Rolls-Royce Is Going to 3D Print Its Airplane Engine Parts

Illustration for article titled Rolls-Royce Is Going to 3D Print Its Airplane Engine Parts

Everyone loves talking about 3D printing, but now it's really hitting the big time: Rolls-Royce has decided that it's going to use the technology to help make its airplane engines.


While the company has been mulling the idea of using 3D printing for a few years now, it's finally decided that the technology has come of age. Confident that it can push the limits of additive manufacturing to provide the levels of precision required for aeronautical engineering, Rolls-Royce will now be using 3D printers to create metallic and ceramic parts for its commercial airplane engines. Dr Wapenhans, the company’s head of technology, explains:

“3D printing opens up new possibilities, new design space. Through the 3D printing process, you’re not constrained by having to get a tool to create a shape. You can create any shape you like.”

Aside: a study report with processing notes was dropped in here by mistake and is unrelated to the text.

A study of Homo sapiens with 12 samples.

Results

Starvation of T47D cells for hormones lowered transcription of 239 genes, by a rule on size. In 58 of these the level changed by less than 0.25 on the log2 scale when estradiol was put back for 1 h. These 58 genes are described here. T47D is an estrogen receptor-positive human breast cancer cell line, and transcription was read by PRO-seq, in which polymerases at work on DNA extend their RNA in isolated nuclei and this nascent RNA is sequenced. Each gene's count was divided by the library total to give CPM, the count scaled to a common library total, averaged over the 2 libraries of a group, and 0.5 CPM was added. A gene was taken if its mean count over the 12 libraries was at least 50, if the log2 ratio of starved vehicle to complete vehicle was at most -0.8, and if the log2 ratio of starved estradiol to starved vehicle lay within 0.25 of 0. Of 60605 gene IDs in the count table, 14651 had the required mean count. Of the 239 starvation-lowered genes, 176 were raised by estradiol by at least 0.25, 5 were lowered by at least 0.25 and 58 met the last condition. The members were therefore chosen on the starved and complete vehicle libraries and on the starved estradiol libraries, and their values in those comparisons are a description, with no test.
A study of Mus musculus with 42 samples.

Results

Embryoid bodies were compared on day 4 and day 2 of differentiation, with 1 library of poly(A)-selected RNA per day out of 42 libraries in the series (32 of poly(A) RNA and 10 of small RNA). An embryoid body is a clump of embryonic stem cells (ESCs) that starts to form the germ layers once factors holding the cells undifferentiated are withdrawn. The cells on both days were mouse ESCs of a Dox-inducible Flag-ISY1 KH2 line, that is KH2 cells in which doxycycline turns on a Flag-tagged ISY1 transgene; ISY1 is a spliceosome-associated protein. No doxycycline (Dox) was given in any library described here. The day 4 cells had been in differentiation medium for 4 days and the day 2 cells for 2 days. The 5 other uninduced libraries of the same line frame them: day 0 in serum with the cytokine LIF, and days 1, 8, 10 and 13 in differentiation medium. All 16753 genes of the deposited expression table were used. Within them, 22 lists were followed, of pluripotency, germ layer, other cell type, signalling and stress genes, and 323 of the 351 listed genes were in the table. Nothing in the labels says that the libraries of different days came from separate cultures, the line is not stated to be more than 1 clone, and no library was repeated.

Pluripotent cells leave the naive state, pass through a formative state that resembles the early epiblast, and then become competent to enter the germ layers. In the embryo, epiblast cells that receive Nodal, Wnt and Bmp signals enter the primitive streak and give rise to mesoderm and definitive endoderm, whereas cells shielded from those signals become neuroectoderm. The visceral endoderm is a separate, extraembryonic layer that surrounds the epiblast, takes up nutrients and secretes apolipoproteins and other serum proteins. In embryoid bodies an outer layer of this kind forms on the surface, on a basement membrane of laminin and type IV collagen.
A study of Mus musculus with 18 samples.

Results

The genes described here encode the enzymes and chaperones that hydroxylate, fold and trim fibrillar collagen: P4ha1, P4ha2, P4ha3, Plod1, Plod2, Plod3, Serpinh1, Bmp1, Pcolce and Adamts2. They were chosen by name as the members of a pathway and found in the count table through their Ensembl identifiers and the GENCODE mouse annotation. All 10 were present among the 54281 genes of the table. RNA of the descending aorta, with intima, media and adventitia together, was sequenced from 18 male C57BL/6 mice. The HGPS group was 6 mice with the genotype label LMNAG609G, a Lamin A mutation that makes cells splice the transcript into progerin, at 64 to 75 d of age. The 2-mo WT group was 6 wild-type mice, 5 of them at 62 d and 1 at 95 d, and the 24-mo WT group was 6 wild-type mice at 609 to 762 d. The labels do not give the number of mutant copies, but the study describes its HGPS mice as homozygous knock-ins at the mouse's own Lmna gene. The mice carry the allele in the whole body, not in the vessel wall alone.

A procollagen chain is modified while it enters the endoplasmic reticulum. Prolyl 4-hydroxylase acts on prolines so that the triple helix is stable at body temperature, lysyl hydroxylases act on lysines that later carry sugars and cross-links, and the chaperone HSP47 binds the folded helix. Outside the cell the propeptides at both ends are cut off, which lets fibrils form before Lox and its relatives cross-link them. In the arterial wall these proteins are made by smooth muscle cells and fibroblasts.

Initially the company will use the technique to create brackets and fuel nozzles, which can be made more lightweight by using 3D printing rather than existing manufacturing methods. A small step, sure, but it's a definite sign that 3D printing is no fad; in fact, it'll be keeping you in the air in a few years time. Gulp. [FT via Pocket-Lint]

Image by Rolls-Royce


3D printing... or metal powder laser sintering? There's a slight difference... but the ability to make awesome things is still the same. If the MPLS is strong enugh one could print hallow turbine blades with optimized flow paths at the leading edges to better keep them cool with air pumped from the compressor.